GLEN RIDGE, NJ — The annual Glen Ridge Antiques Show has a new dealer manager this year. Debbi Turi, who has sold at the show before, will now help run it. According to Turi, the previous dealer manager, Betsy Delorm, has moved away from the Glen Ridge area. The show is celebrating its 71st consecutive year, all of them at the Glen Ridge Congregational Church, on Ridgewood Avenue.
Turi is a dealer and antique show promoter who has helped out with the Glen Ridge show over the years.
Dealers will be plentiful at this show. Turi said last year there were 32 dealers; this year there will be 36.
“We lost approximately seven dealers but there will be 11 new ones,” she said.
The reasons for the losses are various.
“There’s illness, retirements, and some of them didn’t feel it was worth it for them,” she said. “Aging dealers is a huge problem. I’m interested in getting younger people involved, buying and selling.”
She said part of the reason why more younger people do not show an interest in antiques is that schools only glaze over the subject of history.
“It’s not taught like when I was taught history,” she said. “We use to go on field trips.”
A few dealers, when they found out that Turi had taken over the reins, contacted her. She said after being in the business for 21 years, she knows who she wants.
New to the show this year will be a comic book dealer. This is Jack’s Comic Books, in Cedar Grove. Another newcomer will be PD Murphy, from Maine. This dealer sells small furniture and bric-a-brac.
“Small, impressive items,” Turi said.
Overall, the dealers will represent a diverse group.
“Interests have changed,” she said. “There’s not many of the same type of dealers.”
She did not say what she thought would sell at the show but she did say mid-century modern is popular; pottery; art works and jewelry.
“There are no larger furniture dealers in the show,” she said.
Dealers will be coming from Maine, New York, Pennsylvania, Long Island, and two from Maryland.
The appraiser Rich Nieger will be returning after an absence of several years. There will also be a porcelain restorer at the show. The damaged items will be repaired on-site, or if the damage is too critical, the restorer will pack them up to take them home, Turi said. The restorer, she said, goes by the name “Louis.”
Turi was also in charge of the advertising. She said this was changed a little and the show book has been revamped. There was also a new announcement card that went out.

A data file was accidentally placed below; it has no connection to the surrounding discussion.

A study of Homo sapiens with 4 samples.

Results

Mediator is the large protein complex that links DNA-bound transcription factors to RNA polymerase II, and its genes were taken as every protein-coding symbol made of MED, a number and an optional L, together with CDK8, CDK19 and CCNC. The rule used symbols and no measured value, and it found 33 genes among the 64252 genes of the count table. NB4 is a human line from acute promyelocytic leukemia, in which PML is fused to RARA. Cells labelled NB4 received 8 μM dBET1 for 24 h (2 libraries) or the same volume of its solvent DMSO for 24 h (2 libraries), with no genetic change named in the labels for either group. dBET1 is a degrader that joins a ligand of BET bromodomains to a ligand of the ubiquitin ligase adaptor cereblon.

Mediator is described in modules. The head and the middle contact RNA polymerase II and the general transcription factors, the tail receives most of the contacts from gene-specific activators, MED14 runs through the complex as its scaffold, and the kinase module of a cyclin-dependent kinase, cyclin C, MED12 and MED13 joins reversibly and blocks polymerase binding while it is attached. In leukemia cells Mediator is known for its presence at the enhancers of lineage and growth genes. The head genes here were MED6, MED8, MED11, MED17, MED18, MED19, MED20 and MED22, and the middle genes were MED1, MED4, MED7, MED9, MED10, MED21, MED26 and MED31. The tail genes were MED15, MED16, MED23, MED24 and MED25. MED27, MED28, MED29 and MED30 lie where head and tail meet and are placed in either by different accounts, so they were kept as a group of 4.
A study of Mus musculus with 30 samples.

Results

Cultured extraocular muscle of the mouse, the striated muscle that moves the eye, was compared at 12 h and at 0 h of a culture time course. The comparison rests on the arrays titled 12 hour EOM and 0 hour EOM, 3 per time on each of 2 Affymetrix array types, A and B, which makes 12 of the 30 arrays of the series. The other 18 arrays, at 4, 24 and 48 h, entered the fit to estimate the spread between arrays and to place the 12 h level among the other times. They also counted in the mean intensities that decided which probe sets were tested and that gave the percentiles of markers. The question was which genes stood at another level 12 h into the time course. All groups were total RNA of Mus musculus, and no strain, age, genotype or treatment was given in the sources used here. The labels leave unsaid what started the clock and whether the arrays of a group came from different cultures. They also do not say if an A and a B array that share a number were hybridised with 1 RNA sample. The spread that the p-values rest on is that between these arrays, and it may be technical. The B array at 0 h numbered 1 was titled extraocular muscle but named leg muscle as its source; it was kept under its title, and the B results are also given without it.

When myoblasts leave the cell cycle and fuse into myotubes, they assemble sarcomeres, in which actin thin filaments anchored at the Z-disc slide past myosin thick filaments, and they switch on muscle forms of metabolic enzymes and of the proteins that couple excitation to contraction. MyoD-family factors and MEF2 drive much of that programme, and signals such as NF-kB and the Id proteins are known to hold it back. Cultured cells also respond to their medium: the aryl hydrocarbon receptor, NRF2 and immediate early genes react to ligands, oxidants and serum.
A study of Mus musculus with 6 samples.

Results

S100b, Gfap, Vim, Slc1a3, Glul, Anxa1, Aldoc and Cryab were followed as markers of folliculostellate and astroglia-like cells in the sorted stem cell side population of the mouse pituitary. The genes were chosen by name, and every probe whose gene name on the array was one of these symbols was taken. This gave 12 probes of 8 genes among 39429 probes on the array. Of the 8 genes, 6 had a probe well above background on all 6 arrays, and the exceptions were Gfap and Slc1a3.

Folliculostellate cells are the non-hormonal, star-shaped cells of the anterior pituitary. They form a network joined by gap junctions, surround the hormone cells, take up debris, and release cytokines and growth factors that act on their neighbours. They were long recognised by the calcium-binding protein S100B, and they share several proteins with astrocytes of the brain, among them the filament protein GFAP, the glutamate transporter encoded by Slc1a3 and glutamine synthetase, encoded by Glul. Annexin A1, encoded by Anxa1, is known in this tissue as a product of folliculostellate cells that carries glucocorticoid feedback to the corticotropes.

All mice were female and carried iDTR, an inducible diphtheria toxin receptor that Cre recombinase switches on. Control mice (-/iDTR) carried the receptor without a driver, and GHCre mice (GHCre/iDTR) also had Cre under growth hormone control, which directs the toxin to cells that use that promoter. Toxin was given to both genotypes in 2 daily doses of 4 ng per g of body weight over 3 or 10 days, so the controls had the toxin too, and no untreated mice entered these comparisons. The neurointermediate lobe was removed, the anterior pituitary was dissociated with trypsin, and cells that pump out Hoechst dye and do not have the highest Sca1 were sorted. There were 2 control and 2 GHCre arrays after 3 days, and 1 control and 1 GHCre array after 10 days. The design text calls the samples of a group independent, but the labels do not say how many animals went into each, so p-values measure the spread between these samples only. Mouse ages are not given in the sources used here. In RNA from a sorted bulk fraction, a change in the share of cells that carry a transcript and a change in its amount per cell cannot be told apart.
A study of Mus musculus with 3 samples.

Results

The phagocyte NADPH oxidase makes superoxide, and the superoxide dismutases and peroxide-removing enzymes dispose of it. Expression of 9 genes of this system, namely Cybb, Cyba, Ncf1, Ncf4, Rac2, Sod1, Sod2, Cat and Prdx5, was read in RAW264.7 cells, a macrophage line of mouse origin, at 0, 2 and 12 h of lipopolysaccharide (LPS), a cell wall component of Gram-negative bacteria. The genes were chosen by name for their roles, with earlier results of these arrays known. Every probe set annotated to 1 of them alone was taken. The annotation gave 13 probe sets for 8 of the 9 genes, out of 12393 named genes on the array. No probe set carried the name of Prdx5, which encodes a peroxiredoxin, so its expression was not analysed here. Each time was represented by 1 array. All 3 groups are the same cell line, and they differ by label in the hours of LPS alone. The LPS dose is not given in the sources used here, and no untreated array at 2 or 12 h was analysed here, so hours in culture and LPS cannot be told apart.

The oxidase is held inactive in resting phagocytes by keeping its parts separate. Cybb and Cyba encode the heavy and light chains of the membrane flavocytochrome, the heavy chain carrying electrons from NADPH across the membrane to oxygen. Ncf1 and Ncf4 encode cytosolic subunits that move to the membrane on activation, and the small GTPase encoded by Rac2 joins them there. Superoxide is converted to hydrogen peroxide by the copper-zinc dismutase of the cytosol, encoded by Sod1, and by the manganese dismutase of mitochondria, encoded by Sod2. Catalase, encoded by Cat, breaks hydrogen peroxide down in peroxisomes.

Besides getting an experienced dealer/promoter to guide the show, the Glen Ridge Congregational Church Women’s Association, which sponsors the show and donates all proceeds, will also benefit by Turi’s customer list. So, the show this year may experience a larger crowd than before. Turi said she sent out email blasts to her 3,000 customers. Another 1,000 print mailing went out, too. Dorothy Waldt, who as the show manager oversees the entire annual operation, agreed with Turi.
“We think we’re going to have a big crowd this year,” Waldt said.
The announcements have been given an updated look that Waldt calls more eye-catching. And they are still mailed out. Two years ago, the announcements were lost by the postal service. But Waldt said the new, heavier stock of the cards will ensure that they will go through the postal system more easily.
Digital communications are being used too. In addition to e-blasts, there will be a link between the Glen Ridge show webpage and Turi’s own webpage. This is expected to alert even more people to the 71st. show.
As for the porcelain restorer, Waldt said a good one can take a damaged porcelain item and make it look old.
But Waldt did not know how many people to expect at the show. Dinner reservations, she said, are never a good barometer. “It’s nice to have the reservations but it’s not an indicator,” she said.
The a la carte dining that was inaugurated for the 70th annual show last year will be returning.
The 71st Glen Ridge Antiques Show will be held Friday, Feb. 3, 10 a.m. to 9 p.m., and Saturday, Feb 4, 10 a.m. to 4 p.m. An admission fee is charged.